Earlier this year I suggested that there was a problem with the tools we use to measure economic productivity:
The way we capture formal productivity data hasn’t kept up with modern ways of doing business. As a result, I believe economists underestimate productivity increases.
I have since refined that conclusion: Productivity models don’t properly capture gains created by the application of new technology. Furthermore, without a revamp of Bureau of Labor Statistics’ productivity models, this distortion is going to become greater because of the latest iterations of mobile-technology apps. This is important because productivity is a crucial driver of economic growth, which by conventional measures hasn’t been very impressive since the financial crisis.
When studying any subject, the place to start is with facts and data. Consider the following technologies:
• Slack: Using an app such as Slack to communicate with an entire company, including task-specific groups, management teams and subgroups is a big productivity enhancer. Having the ability to securely share documents and messages as opposed to e-mailing multiple parties is a huge benefit to any business that handles confidential material. Oh, and it’s searchable and can be archived for future audits.
• Soundcloud: Imagine having a 90-minute conversation with an investment firm chief, or a Nobel prize winner or a top grad school professor, then being able to share that with as many people as you care to, who in turn can listen at the time of their choosing. We now take for granted that this is an ordinary thing, but it wasn’t possible without a full radio or television studio just a few years ago.
• Google docs: The full suite of Microsoft tools for business costs $400 a year on a subscription basis for a single user. How do you capture the productivity gains of putting all of that computing horsepower in everyone’s hands at no charge, as Google has done? Or try to imagine what it would have taken in time, personnel and money to do the same things just a few short years ago. How do you measure that obvious improvement in productivity?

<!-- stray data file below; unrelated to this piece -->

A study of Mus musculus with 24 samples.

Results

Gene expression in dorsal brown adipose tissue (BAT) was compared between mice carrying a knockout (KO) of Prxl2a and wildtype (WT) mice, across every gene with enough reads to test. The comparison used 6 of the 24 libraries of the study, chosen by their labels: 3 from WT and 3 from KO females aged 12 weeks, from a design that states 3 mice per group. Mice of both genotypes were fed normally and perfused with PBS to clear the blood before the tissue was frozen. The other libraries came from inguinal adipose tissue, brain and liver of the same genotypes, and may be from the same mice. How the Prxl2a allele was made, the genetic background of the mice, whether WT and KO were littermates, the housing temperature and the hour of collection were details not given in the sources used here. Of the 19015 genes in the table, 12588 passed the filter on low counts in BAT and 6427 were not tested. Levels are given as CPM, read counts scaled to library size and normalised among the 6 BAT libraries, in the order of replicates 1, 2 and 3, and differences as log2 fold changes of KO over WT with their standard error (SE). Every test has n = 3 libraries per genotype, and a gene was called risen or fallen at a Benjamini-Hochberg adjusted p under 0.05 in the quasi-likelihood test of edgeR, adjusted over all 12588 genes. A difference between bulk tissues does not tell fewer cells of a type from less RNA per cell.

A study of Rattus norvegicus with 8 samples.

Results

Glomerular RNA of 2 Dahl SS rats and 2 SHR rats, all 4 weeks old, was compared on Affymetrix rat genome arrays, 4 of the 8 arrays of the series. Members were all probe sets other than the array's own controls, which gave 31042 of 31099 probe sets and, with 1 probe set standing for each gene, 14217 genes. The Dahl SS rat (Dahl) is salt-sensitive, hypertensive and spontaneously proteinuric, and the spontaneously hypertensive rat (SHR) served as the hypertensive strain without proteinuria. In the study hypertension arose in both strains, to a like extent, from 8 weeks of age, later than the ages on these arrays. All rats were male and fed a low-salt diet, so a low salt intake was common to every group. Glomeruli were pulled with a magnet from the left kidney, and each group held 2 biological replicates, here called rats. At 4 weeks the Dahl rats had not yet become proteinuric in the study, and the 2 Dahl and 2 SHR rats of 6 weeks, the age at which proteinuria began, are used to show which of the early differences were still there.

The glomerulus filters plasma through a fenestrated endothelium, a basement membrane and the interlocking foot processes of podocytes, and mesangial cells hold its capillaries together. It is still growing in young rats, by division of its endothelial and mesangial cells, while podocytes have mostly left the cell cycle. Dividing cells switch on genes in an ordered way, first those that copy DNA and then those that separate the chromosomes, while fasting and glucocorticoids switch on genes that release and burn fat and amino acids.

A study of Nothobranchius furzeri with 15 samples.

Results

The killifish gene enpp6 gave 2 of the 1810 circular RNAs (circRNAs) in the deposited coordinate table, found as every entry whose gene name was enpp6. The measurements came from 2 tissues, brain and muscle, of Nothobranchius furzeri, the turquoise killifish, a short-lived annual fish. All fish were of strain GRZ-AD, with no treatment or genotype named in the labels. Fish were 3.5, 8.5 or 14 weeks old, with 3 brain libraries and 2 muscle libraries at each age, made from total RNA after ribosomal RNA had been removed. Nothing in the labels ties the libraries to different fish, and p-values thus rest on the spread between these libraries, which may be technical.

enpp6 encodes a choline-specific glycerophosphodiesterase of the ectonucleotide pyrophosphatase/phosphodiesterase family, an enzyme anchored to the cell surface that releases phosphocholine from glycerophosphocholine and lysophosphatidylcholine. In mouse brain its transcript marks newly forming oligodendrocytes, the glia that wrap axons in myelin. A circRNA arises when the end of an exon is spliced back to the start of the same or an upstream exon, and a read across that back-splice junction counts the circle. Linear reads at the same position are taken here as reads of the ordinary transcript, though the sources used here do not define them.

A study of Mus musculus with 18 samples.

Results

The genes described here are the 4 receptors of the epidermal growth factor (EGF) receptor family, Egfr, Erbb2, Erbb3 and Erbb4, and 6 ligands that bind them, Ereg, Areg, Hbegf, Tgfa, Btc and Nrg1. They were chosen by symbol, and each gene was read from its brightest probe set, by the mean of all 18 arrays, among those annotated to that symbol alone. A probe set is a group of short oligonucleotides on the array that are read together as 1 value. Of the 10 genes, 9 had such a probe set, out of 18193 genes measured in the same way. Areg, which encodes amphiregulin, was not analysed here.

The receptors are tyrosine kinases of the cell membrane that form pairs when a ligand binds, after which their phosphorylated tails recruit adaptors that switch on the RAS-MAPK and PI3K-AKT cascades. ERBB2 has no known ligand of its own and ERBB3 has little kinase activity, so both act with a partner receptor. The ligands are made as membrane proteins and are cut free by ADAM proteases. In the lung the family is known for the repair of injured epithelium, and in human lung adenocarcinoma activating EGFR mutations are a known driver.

You can probably name dozens of similarly indispensable technologies that make you, your co-workers or your employees more productive as well.
Now consider the newest technologies in the sharing economy. Unproductive assets — from spare rooms to unused equipment to parked cars — are being transformed into revenue generators. What is the impact of Airbnb, Rent the Runway, Uber and dozens or hundreds of others on productivity and how is the Bureau of Labor Statistics capturing these gains in the formal data?
Arun Sundararajan, professor at New York University’s Stern School of Business and author of “The Sharing Economy: The End of Employment and the Rise of Crowd-Based Capitalism,” makes the point with a few specific examples: There are 80 million power drills in the U.S. and on average each is used just 13 minutes during its lifetime; there are 250 million cars in the country and most do nothing more than take up parking spaces or fill garages; millions of dwellings have spare rooms that sit empty; unworn clothing fills closets.
The economic impact of using these assets when they normally would sit idle is potentially enormous. It isn’t hard to see that some industries, such as retail, might be hurt if more people are sharing. By the same token, manufacturing might gain if things like tools and cars are used more often and need to be replaced more frequently.
We are overdue for a comprehensive overhaul of productivity models in the modern era. There really should be little doubt at this point that the way we measure productivity today, which captured the output of the economy in the last century, isn’t up to the task in this century.